Jaap Arriens/NurPhoto

Despite the recent Sam Altman ouster and reinstatement, OpenAI’s long-planned sale of private company stock is set to proceed . Before the turmoil, investors — led by venture capital firms such as Thrive Capital, Sequoia Capital, and Khosla Ventures — were hoping for a $86 billion valuation. That sum would make it among the most valuable private tech companies in the world, ahead of payments company Stripe ( $50 billion ), and Fortnite maker Epic Games ( $32 billion ), though it still falls short of the largest pre-IPO firms like TikTok parent ByteDance ( $223.5 billion ) and SpaceX (which expects a $150 billion valuation in an upcoming stock sale).


Vladimir Putin wants Russia to rival the West on AI development. On Friday at the Artificial Intelligence Journey conference in Moscow, the Russian president vowed to sign off on a new AI strategy, which would see his government pour money into supercomputers and educational initiatives. Moscow’s strategy would focus on generative AI and large language models, a field dominated by American firms such as Google and OpenAI.

Taylor Owen, professor at the Max Bell School of Public Policy at McGill University and director of its Centre for Media, Technology & Democracy, co-hosts GZERO AI, our new weekly video series intended to help you keep up and make sense of the latest news on the AI revolution. In this episode of the series, Taylor Owen takes a look at the OpenAI-Sam Altman drama.

Hi, I'm Taylor Owen. This is GZERO AI. So if you're watching this video, then like me, you're probably glued to your screen over the past week, watching the psychodrama play out at OpenAI, a company literally at the center of the current AI moment we're in.


That's where our new weekly GZERO AI newsletter comes in to help. GZERO AI will give you the first key insights you need to know, putting perspective on the hype and context on the AI doomers and dreamers. Featuring the world class analysis that is the hallmark of GZERO and its founder, Ian Bremmer--who himself is a leading voice in the AI space--GZERO AI is the essential weekly read of the AI revolution.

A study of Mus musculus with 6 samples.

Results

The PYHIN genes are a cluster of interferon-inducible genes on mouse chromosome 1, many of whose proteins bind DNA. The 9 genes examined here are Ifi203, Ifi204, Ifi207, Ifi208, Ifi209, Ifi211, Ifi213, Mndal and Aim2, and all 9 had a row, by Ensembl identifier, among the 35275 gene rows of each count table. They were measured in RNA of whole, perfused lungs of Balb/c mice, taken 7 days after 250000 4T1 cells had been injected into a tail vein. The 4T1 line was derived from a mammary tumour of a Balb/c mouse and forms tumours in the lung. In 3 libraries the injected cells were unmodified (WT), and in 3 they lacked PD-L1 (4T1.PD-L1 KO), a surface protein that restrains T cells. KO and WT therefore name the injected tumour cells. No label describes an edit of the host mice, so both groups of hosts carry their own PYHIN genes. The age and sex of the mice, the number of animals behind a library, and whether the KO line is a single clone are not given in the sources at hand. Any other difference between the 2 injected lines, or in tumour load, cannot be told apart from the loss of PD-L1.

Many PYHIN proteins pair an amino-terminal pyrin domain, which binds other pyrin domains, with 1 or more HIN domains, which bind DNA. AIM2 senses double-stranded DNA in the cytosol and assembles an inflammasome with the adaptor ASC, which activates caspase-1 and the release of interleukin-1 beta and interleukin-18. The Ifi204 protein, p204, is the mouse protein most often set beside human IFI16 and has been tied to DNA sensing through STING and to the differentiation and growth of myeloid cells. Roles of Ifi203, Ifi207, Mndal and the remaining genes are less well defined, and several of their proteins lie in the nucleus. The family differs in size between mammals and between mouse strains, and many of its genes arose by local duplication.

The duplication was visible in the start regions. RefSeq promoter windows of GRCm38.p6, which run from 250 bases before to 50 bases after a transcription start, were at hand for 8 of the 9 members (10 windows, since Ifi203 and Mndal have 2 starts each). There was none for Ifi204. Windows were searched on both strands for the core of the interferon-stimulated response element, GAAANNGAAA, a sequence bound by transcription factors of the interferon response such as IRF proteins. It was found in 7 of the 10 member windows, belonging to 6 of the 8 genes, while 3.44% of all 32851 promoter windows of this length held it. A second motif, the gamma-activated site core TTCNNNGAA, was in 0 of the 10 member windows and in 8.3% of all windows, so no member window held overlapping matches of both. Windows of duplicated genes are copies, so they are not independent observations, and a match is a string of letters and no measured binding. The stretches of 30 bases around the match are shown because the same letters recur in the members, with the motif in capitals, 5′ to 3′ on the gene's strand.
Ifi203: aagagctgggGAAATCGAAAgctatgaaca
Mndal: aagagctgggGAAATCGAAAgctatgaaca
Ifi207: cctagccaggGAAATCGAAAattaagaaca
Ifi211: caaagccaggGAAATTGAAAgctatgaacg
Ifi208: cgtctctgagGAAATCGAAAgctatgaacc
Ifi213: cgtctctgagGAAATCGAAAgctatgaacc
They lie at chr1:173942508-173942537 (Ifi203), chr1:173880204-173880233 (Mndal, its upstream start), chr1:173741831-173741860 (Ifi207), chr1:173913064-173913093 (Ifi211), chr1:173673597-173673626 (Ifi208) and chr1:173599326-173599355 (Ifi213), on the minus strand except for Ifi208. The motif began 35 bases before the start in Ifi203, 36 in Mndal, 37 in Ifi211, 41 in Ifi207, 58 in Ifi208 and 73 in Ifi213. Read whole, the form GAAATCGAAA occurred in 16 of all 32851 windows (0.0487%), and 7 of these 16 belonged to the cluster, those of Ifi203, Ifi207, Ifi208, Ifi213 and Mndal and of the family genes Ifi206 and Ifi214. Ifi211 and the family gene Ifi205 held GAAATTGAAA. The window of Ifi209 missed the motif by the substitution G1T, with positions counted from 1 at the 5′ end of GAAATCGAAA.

AI-generated art courtesy of Midjourney

The near-collapse of OpenAI, the world’s foremost artificial intelligence company, shocked the world earlier this month. Its nonprofit board of directors fired its high-profile and influential CEO, Sam Altman, on Friday, Nov. 17, for not being “consistently candid” with them. But the board never explained its rationale. Altman campaigned to get his job back and was joined in his pressure campaign by OpenAI lead investor Microsoft and 700 of OpenAI’s 770 employees. Days later, multiple board members resigned, new ones were installed, and Altman returned to his post.

To learn more about what the blowup means for global regulation, we spoke to Marietje Schaake, a former member of the European Parliament who serves as the international policy director of the Cyber Policy Center at Stanford University and as president of the Cyber Peace Institute. Schaake is also a host of the GZERO AI video series.

The interview has been edited for clarity and length.


REUTERS/Dado Ruvic

1.9%: NVIDIA is building new computer chips to sell to China that are compliant with updated US export regulations. But the California-based company recently announced a delay in the release of those chips until Q1 2024, citing technical problems. In response, NVIDIA’s high-flying stock, which took the company’s valuation north of $1 trillion this year, fell 1.9% on Friday.


Dado Ruvic/Illustration/Reuters

Europe has spent two years trying to adopt comprehensive AI regulation. The AI Act, first introduced by the European Commission in 2021, aspires to regulate AI models based on different risk categories.

The proposed law would ban dangerous models outright, such as those that might manipulate humans, and mandate strict oversight and transparency for powerful models that carry the risk of harm. For lower-risk models, the AI Act would require simple disclosures. In May, the European Parliament approved the legislation , but the three bodies of the European legislature are still in the middle of hammering out the final text. The makers of generative AI models, like the one powering ChatGPT, would have to submit to safety checks and publish summaries of the copyrighted material they’re trained on.